PURPOSE: To review and generate consensus on best practices of fracture liaison service (FLS) in the Asia-Pacific (AP) region.
METHODS: In October 2017, the Taiwanese Osteoporosis Association (TOA) invited experts from the AP region (n = 23), the Capture the Fracture Steering Committee (n = 2), and the USA (n = 1) to join the AP region FLS Consensus Meeting in Taipei. After two rounds of consensus generation, the recommendations on the 13 Best Practice Framework (BPF) standards were reported and reviewed by the attendees. Experts unable to attend the on-site meeting reviewed the draft, made suggestions, and approved the final version.
RESULTS: Because the number of FLSs in the region is rapidly increasing, experts agreed that it was timely to establish consensus on benchmark quality standards for FLSs in the region. They also agreed that the 13 BPF standards and the 3 levels of standards were generally applicable, but that some clarifications were necessary. They suggested, for example, that patient and family education be incorporated into the current standards and that communication with the public to promote FLSs be increased.
CONCLUSIONS: The consensus on the 13 BPF standards reviewed in this meeting was that they were generally applicable and required only a few advanced clarifications to increase the quality of FLSs in the region.
INTRODUCTION: The International Osteoporosis Foundation and European Society for Clinical and Economic Aspects of Osteoporosis and Osteoarthritis published guidance for the diagnosis and management of osteoporosis in 2019. This manuscript seeks to apply this in an international setting, taking additional account of further categorisation of increased risk of fracture, which may inform choice of therapeutic approach.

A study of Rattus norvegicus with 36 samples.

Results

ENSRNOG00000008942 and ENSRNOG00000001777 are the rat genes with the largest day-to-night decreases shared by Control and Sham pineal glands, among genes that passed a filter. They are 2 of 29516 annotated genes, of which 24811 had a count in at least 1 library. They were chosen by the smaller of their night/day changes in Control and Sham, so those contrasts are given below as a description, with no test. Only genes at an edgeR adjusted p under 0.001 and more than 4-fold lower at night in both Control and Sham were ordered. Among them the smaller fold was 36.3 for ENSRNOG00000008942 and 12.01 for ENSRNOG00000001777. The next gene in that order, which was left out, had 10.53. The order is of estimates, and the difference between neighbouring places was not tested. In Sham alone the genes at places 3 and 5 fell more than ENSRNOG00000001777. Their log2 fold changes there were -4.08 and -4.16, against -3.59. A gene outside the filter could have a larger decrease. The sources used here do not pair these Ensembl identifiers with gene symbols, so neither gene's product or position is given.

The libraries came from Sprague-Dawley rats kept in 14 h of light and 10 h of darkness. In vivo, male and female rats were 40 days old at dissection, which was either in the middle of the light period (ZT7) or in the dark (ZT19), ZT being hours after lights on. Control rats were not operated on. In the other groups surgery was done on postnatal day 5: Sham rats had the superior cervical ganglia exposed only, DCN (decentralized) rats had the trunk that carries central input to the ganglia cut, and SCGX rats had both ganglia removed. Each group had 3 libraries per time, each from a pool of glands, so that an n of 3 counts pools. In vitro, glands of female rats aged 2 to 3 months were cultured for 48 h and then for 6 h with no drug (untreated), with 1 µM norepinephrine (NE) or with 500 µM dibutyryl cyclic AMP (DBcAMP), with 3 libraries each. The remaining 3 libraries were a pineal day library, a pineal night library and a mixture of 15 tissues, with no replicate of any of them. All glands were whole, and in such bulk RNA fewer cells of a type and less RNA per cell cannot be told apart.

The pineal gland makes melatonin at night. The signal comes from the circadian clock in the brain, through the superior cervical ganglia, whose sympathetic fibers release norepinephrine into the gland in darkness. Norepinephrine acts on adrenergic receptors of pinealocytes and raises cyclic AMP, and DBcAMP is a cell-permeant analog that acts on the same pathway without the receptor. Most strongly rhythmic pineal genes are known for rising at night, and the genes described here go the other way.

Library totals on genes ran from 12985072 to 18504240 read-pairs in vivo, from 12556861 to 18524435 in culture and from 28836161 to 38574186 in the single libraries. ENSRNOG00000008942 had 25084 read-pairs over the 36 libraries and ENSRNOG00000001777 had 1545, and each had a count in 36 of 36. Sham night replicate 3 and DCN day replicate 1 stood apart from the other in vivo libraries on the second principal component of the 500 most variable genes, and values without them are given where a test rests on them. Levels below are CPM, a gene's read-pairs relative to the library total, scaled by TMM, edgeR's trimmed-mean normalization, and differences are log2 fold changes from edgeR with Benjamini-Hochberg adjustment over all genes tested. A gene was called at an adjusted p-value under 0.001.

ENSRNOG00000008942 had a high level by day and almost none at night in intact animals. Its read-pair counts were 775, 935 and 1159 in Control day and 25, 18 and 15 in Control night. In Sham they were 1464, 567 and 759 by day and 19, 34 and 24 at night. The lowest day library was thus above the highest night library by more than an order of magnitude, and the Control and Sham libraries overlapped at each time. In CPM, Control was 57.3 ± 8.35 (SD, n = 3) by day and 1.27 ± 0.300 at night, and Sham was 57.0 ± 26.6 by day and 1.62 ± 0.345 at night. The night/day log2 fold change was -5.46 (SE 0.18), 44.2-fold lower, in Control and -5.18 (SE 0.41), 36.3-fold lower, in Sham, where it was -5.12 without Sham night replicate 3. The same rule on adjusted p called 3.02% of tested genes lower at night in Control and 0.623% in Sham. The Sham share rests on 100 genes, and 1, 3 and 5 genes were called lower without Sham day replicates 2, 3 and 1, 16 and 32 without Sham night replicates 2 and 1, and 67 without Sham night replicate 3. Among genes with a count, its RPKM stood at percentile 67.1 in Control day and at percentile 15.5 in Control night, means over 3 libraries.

METHODS: Clinical perspective and updated literature search.
RESULTS: The following areas are reviewed: categorisation of fracture risk and general pharmacological management of osteoporosis.
CONCLUSIONS: A platform is provided on which specific guidelines can be developed for national use to characterise fracture risk and direct interventions.
METHOD: MEDLINE/PubMed, Scopus and Web of sciences were investigated to identify relevant articles up to June 2019. The search strategy combined the Medical Subject Heading and Title and/or abstract keywords. The combined effect sizes were calculated as weight mean difference (WMD) using the random-effects model. Between study heterogeneity was evaluated by the Cochran's Q test and I2.
RESULTS: Four RCTs studies investigated Carnosine use versus any control for at least 2 weeks were identified and analyzed. Overall results from the random-effects model on included studies, with 184 participants, indicated that carnosine intervention reduced HbA1C levels in intervention vs control groups (WMD: -0.92 %, 95 % CI: -1.20, -0.63, I2:69 %). Four studies, including a total of 183 participants, reported TG changes as an outcome measure variable, but combined results did not show significant reduction in this outcome (WMD: -14.46 mg/dl, 95 % CI: -29.11, 0.19, I2:94 %). Furthermore, combined results did not show any significant change in HOMA-IR, Cholesterol, fasting blood sugar, or HDL-C.
CONCLUSION: Carnosine supplementation results in a decrease in HbA1C, but elicits no effect on HOMA-IR, Cholesterol, fasting blood sugar, TG and HDL-C. Future studies with a larger sample sizes, varied doses of carnosine, and population-specific sub-groups are warranted to confirm, and enhance, the veracity of our findings.